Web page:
St. Paul rally decries U.S. immigration bills

Demonstrators were protesting proposed U.S. legislation that would classify illegal immigrants as felons.

Lily Langerud

As rallies for immigrants’ rights occurred nationwide, the Twin Cities proved to be no exception Sunday.

About 40,000 demonstrators marched from the Cathedral of St. Paul to the Capitol for the Minnesota March for Immigration with Dignity.

Demonstrators said they opposed federal legislation that would classify illegal immigrants as felons. Some carried signs with messages in opposition of proposed amendments to immigration laws, such as U.S. HR4437, a bill that would strengthen the enforcement of immigration laws.

Teresa Ortiz, a volunteer with the Resource Center of the Americas at Sunday’s march, said the legislation in Congress is terrible for immigrants.

“It’s a way of really intimidating people,” she said.

Ortiz said that as the demographic makeup of the United States changes, there is a degree of fear surrounding immigrants.

“It’s the same kind of fear that in the past did not allow African Americans to have civil rights in this country.”

Louis Mendoza, chairman of the Chicano studies department, said he attended the event with hopes that the public will see support from a diverse community for adopting humane immigration legislation.

Mendoza said immigrants are misperceived as taking advantage of social services.

“The governor of Minnesota has participated in disseminating misinformation showing (illegal) immigrants being a drain on the economy,” he said.

Mendoza said most immigrants are taxed on their payrolls, and end up giving more than they take.

A guest worker program for illegal immigrants, called for by President George W. Bush, was rejected in the House on Sunday. But a House bill passed last December would define illegal immigrants in the United States as felons.

Demonstrators at the event said they hoped politics could be set aside to find a humane solution for the country’s estimated 11 million illegal immigrants.

“I think it’s really important for both political sides to put aside the partisan politics and understand they need to create a solution that’s just and fair,” Mendoza said.

Martha Ockenfels-Martinez, a Chicano studies major and board member of the La Raza Student Cultural Center, said she came to the event to show her support.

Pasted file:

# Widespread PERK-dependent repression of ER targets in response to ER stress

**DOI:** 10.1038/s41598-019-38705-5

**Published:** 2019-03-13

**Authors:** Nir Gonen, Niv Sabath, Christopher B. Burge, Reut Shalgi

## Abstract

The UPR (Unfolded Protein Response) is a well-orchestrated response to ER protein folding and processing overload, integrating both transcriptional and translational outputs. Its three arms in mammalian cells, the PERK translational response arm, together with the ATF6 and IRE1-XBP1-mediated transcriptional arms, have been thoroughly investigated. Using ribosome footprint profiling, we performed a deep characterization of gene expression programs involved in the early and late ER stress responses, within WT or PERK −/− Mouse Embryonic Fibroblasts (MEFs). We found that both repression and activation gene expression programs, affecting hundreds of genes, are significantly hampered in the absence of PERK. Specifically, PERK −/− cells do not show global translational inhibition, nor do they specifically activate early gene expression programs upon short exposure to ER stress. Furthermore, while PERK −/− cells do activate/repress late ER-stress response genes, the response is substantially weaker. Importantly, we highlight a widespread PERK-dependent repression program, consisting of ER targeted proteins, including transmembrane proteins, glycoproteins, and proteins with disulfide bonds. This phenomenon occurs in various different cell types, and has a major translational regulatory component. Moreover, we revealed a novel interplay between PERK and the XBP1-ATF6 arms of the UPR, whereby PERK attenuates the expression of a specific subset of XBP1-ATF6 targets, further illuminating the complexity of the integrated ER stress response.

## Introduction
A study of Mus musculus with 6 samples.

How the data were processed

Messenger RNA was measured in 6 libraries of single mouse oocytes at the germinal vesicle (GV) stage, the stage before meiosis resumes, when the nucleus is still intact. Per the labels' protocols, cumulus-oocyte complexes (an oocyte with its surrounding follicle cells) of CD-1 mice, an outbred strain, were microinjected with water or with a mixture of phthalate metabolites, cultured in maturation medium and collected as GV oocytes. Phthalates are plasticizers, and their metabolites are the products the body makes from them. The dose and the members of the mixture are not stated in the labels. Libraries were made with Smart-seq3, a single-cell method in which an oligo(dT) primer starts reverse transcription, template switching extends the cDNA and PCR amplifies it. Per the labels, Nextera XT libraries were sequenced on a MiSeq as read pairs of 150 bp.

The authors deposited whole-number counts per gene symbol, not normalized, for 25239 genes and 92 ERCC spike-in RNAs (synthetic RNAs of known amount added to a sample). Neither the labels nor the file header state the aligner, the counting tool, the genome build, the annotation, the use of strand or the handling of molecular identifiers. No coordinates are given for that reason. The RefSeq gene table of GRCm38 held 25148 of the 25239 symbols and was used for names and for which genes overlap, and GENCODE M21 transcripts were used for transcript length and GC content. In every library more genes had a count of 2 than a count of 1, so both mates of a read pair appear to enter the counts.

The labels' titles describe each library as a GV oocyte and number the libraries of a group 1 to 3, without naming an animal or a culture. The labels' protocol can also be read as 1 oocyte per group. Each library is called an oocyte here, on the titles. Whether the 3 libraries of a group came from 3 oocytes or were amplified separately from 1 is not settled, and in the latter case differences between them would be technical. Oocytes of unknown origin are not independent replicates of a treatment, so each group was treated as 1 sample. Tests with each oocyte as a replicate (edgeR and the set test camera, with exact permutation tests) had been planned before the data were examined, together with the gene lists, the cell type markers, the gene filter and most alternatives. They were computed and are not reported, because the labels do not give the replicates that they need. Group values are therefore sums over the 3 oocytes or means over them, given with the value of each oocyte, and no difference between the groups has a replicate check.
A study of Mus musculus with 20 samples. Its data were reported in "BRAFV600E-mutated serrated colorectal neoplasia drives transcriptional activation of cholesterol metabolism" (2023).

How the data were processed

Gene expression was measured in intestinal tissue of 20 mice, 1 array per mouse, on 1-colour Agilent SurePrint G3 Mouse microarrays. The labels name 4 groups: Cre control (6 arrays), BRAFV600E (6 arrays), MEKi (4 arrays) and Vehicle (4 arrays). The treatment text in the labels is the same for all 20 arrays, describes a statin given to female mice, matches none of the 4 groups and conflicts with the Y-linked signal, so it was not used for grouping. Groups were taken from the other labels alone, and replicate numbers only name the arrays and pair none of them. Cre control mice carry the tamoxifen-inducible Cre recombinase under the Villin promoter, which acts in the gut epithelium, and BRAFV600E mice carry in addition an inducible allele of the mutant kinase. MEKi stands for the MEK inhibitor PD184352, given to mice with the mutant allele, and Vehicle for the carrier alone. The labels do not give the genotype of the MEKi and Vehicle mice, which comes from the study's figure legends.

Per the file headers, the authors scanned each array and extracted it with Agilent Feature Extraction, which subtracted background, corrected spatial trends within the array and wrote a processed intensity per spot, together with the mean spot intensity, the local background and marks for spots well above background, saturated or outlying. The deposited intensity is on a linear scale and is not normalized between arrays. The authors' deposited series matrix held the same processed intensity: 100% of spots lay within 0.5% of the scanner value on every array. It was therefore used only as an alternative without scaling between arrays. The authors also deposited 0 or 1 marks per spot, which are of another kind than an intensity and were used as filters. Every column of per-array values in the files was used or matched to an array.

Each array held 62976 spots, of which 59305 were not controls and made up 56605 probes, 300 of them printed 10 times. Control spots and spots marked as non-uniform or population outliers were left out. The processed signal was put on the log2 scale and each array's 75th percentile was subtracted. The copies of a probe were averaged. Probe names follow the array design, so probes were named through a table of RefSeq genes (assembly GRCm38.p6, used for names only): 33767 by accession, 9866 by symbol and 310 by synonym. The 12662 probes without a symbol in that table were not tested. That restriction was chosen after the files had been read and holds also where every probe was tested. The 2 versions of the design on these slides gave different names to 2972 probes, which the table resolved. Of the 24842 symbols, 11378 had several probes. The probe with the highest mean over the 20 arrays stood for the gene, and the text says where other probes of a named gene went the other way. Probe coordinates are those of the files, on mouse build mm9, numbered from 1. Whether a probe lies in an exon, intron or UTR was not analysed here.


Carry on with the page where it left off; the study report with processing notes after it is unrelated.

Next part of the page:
She said she became involved with La Raza after connecting with a friend over the closing of the General College.

“The General College statistically lets in a lot of inner-city students, rural students and students of color,” she said. “It opens the door to these students because of the inadequacy of the K-12 system.”

Ockenfels-Martinez said the closing of the General College also closed many doors for

immigrants. She said that because the United States was founded by immigrants, anti-immigrant legislation is hypocritical.

Mirta Carreno, an 18-year-old who said she works full time, came to the march wearing a T-shirt bearing the phrase “Soy trabajodor, no criminal” (I am a worker, not a criminal) like many other demonstrators.

She said an important issue for her is workers’ rights. “(The shirt) represents that we come to work, that we’re not criminals,” she said.

Across the street, Javier Morillo, president of the Service Employees International Union Loca l 26, said he came to the march to represent 5,000 janitors and security guards that the group organizes.

“Most of our members are immigrants,” he said. “They work really hard and they come to this country to make a better life for themselves.”

Morillo said immigrants were being made into scapegoats for the country’s problems.

“We’re doing jobs that are available – we’re not taking jobs away,” he said.

As the march to the Capitol began, a man in the middle of the street carried a sign that read, “We do the hardest, dirtiest jobs. We receive the lowest pay. We DO NOT DESERVE to be called criminals.”

Sharon Decker, a 56-year-old consultant from Minneapolis, stood on the sidewalk watching the march. She said she attended the event because her Korean daughter inspired her to get involved with immigrants’ rights.

“I’m so glad to see there’s such an orderly crowd,” Decker said. “This is a group of people that work very hard and deserve respect.”